Gun Applicants in NY Must Provide List of Social Media Accounts

Concealed firearm social media

New York has passed a law that will ask those seeing a concealed handgun permit to submit their social media accounts so they can be reviewed for “character and conduct.”

The new requirement will take effect in September and is designed to put some limits on firearms after the Supreme Court determined that the previous New York concealed carry law was unconstitutional, ruling that most people have a right to carry a handgun for personal protection.

The law, signed by Governor Kathy Hochul last week, would require those applying for a concealed firearm carry license to list current and former social media accounts they have held within the last three years, the Associated Press reports. From there, the local sheriff’s staff, judges, or county clerks would be tasked with looking through those accounts to determine whether there have been any statements made that would suggest dangerous behavior or intent.

The law is designed to catch instances where dangerous individuals telegraphed intent online before committing a mass shooting. The AP reports that increasingly gunmen have published hints on social media of their intent to commit a mass shooting, including the gunman who killed 19 children and two teachers at a Uvalde, Texas, elementary school.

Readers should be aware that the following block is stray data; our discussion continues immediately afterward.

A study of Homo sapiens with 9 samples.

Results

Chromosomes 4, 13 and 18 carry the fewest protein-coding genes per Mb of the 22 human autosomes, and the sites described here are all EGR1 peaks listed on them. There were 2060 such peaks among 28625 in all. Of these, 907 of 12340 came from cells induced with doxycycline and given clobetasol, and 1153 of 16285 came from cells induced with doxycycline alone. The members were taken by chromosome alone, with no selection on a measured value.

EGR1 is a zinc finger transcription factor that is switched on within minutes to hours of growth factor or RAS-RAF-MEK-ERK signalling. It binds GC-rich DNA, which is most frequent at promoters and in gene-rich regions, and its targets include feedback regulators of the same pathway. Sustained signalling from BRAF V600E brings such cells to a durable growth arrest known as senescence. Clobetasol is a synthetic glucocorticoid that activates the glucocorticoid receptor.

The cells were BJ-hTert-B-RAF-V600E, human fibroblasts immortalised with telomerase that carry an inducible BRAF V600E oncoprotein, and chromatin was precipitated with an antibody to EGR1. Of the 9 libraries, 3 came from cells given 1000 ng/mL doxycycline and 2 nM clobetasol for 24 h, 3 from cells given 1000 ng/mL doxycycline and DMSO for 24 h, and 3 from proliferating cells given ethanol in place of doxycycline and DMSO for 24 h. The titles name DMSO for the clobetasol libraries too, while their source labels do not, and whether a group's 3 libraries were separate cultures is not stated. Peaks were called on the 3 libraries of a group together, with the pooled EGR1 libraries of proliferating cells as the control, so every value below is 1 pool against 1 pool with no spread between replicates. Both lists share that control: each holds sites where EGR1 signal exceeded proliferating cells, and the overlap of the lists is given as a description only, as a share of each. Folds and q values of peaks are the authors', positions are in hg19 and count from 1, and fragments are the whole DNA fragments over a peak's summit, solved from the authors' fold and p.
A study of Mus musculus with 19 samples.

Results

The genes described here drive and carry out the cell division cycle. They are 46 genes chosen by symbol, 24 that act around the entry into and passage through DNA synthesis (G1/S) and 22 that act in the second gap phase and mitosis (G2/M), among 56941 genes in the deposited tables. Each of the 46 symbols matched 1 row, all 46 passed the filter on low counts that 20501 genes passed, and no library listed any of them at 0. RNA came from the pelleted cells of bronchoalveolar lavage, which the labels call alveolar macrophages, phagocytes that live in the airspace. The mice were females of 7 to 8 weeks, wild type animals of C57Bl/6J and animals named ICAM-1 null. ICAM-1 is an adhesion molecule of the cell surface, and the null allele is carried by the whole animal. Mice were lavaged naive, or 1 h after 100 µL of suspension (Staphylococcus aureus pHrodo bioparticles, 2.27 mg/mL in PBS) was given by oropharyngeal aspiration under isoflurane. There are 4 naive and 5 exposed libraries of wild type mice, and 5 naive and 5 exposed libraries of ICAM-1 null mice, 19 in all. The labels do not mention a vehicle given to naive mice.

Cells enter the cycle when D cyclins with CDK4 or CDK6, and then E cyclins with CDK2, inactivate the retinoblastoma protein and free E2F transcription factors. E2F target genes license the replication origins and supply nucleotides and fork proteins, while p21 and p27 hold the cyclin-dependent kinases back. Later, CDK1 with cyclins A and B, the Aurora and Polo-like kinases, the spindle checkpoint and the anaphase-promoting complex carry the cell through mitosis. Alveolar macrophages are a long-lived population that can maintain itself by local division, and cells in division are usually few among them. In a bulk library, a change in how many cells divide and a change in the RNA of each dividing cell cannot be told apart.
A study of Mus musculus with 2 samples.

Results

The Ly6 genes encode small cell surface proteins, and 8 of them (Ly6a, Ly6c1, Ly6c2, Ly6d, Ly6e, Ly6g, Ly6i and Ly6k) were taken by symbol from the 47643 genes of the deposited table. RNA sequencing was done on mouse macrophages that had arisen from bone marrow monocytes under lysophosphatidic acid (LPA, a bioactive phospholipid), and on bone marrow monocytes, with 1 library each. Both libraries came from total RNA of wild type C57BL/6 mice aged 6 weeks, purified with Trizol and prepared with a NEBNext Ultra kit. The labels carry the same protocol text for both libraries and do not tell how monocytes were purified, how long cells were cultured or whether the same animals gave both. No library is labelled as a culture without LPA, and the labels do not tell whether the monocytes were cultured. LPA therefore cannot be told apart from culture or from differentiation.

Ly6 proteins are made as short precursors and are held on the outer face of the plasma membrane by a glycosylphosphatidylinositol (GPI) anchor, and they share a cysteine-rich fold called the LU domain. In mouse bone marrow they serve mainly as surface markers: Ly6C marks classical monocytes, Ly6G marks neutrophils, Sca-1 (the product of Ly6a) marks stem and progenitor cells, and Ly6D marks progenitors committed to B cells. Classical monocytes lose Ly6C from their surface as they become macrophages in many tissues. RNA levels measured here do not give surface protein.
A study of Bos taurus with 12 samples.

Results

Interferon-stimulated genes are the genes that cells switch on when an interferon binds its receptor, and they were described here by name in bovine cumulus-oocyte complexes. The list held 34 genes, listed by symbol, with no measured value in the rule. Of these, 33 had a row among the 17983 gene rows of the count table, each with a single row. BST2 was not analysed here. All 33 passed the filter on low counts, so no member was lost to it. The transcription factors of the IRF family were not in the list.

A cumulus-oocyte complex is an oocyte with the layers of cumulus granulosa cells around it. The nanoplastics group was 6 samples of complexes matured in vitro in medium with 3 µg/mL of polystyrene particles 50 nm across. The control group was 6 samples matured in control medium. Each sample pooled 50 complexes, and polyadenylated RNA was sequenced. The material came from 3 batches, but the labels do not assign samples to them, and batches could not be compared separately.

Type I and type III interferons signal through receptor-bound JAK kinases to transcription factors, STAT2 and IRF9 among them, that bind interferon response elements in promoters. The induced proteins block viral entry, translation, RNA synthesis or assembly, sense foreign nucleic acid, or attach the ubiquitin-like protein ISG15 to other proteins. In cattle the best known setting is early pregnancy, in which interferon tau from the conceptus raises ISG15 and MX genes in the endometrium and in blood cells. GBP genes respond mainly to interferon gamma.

The law also requires applicants submit to hours of safety training to prove proficiency with firearms and they must also provide four character references and sit for an in-person interview.

Peter Kehoe, the executive director of the New York Sheriffs’ Association, and guns rights advocates say the law is an infringement on second amendment rights. The Sheriffs’ Association, which as mentioned would be tasked with reviewing these accounts, says that it has not been told if it would get additional resources for the increased workload.

“I don’t think we would do that,” Kehoe says, referring to the requirement to review social media accounts. “I think it would be a constitutional invasion of privacy.”

“Often the sticking point is: How do we go about enforcing this?” Metro State University criminal justice professor James Densley, cofounder of research initiative The Violence Project, says. “I think it starts to open up a bit of a can of worms, because no one quite knows the best way to go about doing it.”

Image credits: Elements of header photo licensed via Depositphotos.